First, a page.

Chris popped some popcorn after dinner yesterday and he and
the boys got comfortable in front of the iMac in the dining room for a marathon
viewing of Japanese Bug Fights. As I said, Liam and Ewan are fascinated by
bugs. With my parents took them to the zoo over the weekend they spent an
inordinate amount of time at the insect house, in its cool dark corridors,
pressing their faces up against the glass tanks holding scorpions and other
icky things. They have bug catchers and store nasty little grody things in them
and keep them confined, on the deck. It's always a delight to walk outside in
the morning with a cup of green tea, look down, and see a bunch of dead bugs in
a small, screened-in carrier.
On the bright side, it's a service and they're cheaper than
the bug spray dude.
So naturally, to watch bugs fight in a close-quarters
aquarium was eleventy-times the awesome. They particularly enjoyed it when the
millipede tossed the wasp like a rag doll and when the locust tore into and
started eating its opponent right after the bell.
They seriously have a bell. GOD BLESS THE JAPANESE. They can
take the most inane idea and turn it into theater. I have no idea what the
announcers are saying but when their voices rise and the music plays and the
audience (I assume track) cheers it brings me to the edge of my seat. They even
have rules: two bugs walk, crawl, or whatever it is millipedes do, and one bug
walks out. Also, no weapons are allowed, you know, for that rouge Japanese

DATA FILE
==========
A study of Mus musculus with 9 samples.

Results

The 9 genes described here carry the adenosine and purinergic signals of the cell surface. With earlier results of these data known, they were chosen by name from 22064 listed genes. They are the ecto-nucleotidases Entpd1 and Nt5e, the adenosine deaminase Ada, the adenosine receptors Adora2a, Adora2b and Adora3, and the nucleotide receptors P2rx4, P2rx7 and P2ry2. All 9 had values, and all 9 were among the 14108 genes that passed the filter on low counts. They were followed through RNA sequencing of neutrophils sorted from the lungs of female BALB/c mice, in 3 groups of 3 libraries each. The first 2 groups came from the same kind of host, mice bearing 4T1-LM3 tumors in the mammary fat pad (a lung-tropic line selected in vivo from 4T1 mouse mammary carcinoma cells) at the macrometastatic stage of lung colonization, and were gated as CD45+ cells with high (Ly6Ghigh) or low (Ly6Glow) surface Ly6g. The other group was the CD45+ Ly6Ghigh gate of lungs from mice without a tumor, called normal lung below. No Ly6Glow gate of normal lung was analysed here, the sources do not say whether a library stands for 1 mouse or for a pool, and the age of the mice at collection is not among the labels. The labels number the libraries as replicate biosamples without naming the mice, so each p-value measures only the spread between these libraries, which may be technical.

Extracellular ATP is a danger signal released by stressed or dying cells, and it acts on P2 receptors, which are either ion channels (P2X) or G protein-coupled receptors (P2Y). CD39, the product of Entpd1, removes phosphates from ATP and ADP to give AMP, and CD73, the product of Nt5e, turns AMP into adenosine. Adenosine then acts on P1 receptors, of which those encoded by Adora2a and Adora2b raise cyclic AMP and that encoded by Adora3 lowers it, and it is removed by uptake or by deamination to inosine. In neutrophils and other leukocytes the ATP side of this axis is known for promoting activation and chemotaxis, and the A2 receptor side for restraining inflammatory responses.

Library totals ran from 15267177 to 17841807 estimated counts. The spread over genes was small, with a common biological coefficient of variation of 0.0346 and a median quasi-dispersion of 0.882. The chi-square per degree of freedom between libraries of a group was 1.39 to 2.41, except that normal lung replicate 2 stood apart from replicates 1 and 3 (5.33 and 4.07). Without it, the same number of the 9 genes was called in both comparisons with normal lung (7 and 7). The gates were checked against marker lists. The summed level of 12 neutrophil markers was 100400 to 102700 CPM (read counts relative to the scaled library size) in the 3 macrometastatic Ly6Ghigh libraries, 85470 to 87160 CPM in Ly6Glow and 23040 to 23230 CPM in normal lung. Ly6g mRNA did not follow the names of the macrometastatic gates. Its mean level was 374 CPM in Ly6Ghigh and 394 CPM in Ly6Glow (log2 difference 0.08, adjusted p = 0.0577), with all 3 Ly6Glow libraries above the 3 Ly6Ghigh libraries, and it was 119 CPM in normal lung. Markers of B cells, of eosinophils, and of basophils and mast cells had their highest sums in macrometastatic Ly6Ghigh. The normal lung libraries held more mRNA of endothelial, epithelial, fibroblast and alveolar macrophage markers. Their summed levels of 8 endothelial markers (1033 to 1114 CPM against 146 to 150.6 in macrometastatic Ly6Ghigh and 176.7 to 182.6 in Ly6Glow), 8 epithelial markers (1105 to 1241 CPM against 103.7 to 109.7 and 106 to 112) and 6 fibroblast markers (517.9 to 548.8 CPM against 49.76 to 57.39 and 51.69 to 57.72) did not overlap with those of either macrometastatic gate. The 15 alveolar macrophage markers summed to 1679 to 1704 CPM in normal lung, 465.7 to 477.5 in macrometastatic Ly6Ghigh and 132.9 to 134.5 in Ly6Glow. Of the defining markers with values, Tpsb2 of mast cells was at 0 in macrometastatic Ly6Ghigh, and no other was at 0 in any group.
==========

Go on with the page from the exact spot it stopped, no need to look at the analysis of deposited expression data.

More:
beetle looking to bring in his tie iron or shank.
Yes, I could do this in my back yard but that's MISSING THE
POINT. I don't have a bell like that and you and I both know that so much of it
is about the bell, two, I don't have foreign announcers, and three, no audience
track. I like competitive fighting be it humans or bugs. I'm a huge boxing fan
and I watch UFC (the boys aren't allowed until they're older). It's one of the
most basic competitions out there with a purpose that's more than just winning or setting a PR for time; it's also about dominating
your opponent, physically, but in an artful way. It requires skill and timing.
It's about fighting a good fight, something you can do if you either win or
lose. It's actually a pretty awesome life lesson.
Anyway, the boys were fascinated and rooted for the insect
they wanted to win, which was always the biggest, gnarliest bug of the two.
There are a ton of episodes from which to choose. The boys particularly liked
all the ones with tarantulas and millipedes.